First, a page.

New drivers are generally teens with a higher risk of getting involved in a bad car accident due to various reasons, including lack of experience on the streets. In the event of an accident, parents must be aware of the actions that have to be taken and seek professional guidance from a Georgia Automobile Accident Attorney.
There is always the possibility of the other driver initiating a lawsuit against the parents for damages.
How can parents deal with this situation and protect the health and security of their family’s future?
Getting in an accident as a teen is a serious matter that can also affect future insurance rates and remain on the child’s driving record for a long time.
Get Advice from a Georgia Accident Lawyer
Parents are always worried when their child becomes a new driver on the streets. No matter how many precautions they may take, the chances of a young driver to get involved in a serious crash are high. The injuries from a crash accident can have life-long side effects, bringing pain and suffering, as well as economic difficulties not only for the child but also for the family.
It is not always easy to define if the parents bear any responsibility for their child’s actions. Therefore, expert advice from a Georgia car accident lawyer is mandatory to help avoid unnecessary financial burdens, pain, and suffering.
When an accident occurs one of the first things that come to mind is how the future insurance rates will be affected.
Can the driver sue a parent for damages?
What are the repercussions?
The best way to be prepared for the future is to contact a Georgia auto accident attorney that has the know-how and experience in similar cases in your territory to protect you and your child in the best possible way. A lawyer with a history of winning similar cases can also assist you in covering all financial damages resulting from an accident that can include:
- Medical bills
- Pain and suffering
- Rehabilitation costs
- Property losses
- Loss of wages
When is the Parent Accountable for the Child Involved in an Auto Collision in Georgia?
There is a general responsibility called ‘vicarious liability.’ Vicarious liability is the share of responsibility that burdens the parent for their child’s actions. A parent should know whether their child is able to drive or not and forbid them from driving when the child is not in a position to operate a vehicle. In other words, the parent should know whether their child is competent enough to drive safely.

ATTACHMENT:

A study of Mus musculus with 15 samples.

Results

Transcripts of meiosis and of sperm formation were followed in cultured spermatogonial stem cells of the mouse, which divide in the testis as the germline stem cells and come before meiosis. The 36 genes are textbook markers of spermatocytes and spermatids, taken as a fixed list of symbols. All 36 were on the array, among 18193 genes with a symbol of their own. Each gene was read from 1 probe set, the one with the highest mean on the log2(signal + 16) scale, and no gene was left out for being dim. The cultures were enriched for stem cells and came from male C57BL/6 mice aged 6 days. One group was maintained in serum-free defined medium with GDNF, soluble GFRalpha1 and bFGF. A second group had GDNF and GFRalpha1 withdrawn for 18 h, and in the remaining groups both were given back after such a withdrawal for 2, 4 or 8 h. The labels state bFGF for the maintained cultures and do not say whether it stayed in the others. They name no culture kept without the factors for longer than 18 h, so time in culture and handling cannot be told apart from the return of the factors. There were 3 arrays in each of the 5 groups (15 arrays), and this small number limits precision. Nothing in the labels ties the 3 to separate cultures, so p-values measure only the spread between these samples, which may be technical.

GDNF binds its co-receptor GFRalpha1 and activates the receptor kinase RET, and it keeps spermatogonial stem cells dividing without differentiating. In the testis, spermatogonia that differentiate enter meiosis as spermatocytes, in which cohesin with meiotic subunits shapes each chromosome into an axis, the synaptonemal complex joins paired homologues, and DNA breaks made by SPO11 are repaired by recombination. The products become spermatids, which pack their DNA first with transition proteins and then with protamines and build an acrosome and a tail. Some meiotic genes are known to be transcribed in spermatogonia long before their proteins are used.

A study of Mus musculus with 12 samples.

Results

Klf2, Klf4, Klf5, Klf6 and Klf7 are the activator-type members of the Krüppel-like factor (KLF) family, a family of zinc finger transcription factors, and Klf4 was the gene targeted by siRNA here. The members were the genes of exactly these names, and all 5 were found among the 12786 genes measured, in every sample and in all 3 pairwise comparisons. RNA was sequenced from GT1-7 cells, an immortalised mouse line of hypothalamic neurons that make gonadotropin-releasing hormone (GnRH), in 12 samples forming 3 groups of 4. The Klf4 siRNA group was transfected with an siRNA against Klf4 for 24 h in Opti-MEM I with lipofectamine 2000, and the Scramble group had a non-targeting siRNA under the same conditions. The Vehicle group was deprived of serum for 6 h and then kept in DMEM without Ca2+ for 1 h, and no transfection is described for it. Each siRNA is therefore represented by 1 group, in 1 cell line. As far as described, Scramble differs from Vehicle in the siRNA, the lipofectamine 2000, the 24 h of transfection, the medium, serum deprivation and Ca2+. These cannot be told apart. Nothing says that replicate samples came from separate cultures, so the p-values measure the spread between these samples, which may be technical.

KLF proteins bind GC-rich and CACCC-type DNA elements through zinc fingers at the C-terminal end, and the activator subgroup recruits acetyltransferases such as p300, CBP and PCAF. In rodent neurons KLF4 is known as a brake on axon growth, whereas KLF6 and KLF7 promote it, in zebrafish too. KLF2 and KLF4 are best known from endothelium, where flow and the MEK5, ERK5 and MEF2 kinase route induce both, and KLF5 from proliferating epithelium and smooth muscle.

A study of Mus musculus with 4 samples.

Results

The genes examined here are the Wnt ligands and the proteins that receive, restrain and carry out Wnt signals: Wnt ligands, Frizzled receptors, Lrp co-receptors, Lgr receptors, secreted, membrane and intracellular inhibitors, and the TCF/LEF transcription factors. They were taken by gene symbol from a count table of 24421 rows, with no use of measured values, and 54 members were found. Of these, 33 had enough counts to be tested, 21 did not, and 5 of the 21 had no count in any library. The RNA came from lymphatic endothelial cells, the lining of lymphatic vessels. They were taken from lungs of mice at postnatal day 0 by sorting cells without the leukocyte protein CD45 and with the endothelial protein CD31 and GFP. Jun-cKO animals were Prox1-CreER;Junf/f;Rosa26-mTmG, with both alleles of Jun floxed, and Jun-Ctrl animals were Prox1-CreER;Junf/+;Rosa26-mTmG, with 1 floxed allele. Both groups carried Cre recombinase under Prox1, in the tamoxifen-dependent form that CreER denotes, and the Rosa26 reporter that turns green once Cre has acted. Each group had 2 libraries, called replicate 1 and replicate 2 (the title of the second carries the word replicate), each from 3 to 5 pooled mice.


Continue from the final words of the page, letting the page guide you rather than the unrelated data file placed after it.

Based on Georgia’s code, GA Code § 51-2-2, in Georgia, the parent may be held liable for damages up to $10,000 (plus court fees and costs) if their child caused the accident, whether this was a malicious act or not.
If the parent was aware that the child was not in a position to be behind the wheel; however, they allowed them to do so anyway, this can be considered negligence.
The case of Hicks v. Newman set a precedent in Georgia, where parents are held responsible for the children’s car accidents when the automobile involved is designated for family’s purposes. Parents must be in some way owners of the vehicle involved in the crash; otherwise, how can they be responsible when they are not the legal owners of the car.
To clarify further, in order for the parents to be held liable they have to:
- Be the legal owners of the vehicle involved in the accident
- Give permission for the use of the vehicle to the family member driving when the accident took place
- The driver has to belong in the immediate environment of the household
Therefore, when a parent allows a child to drive their car while knowing that the child is not in a position to operate the vehicle, it can be labeled as negligence and parents can be held accountable.
Determining Negligence in Georgia
Negligence is one of the main factors one can use when building a case to claim compensation for injuries. A Georgia accident lawyer can identify the ways to defend yourself and win the case.
In an accident involving a minor who was driving, one must have knowledge of what defines negligence in Georgia’s territory. In cases of injuries or property damages, fault has to be determined prior to the recovering of the damages. When a case reaches the court, the jury will decide a percentage of accountability for each of the negligent parties involved.
Contact Joe Durham Jr. P.C. for a Free Case Review
You must be ready to defend yourself and your family when the other party tries to place blame on you or your child for a crash. Only the experts can ensure that you will get the best possible outcome from these disputes.
If you are a parent of a teen involved in an accident and are seeking a Georgia accident lawyer, contact Joe Durham Jr. P.C. to schedule an appointment for a free consultation to see your options and how you can proceed.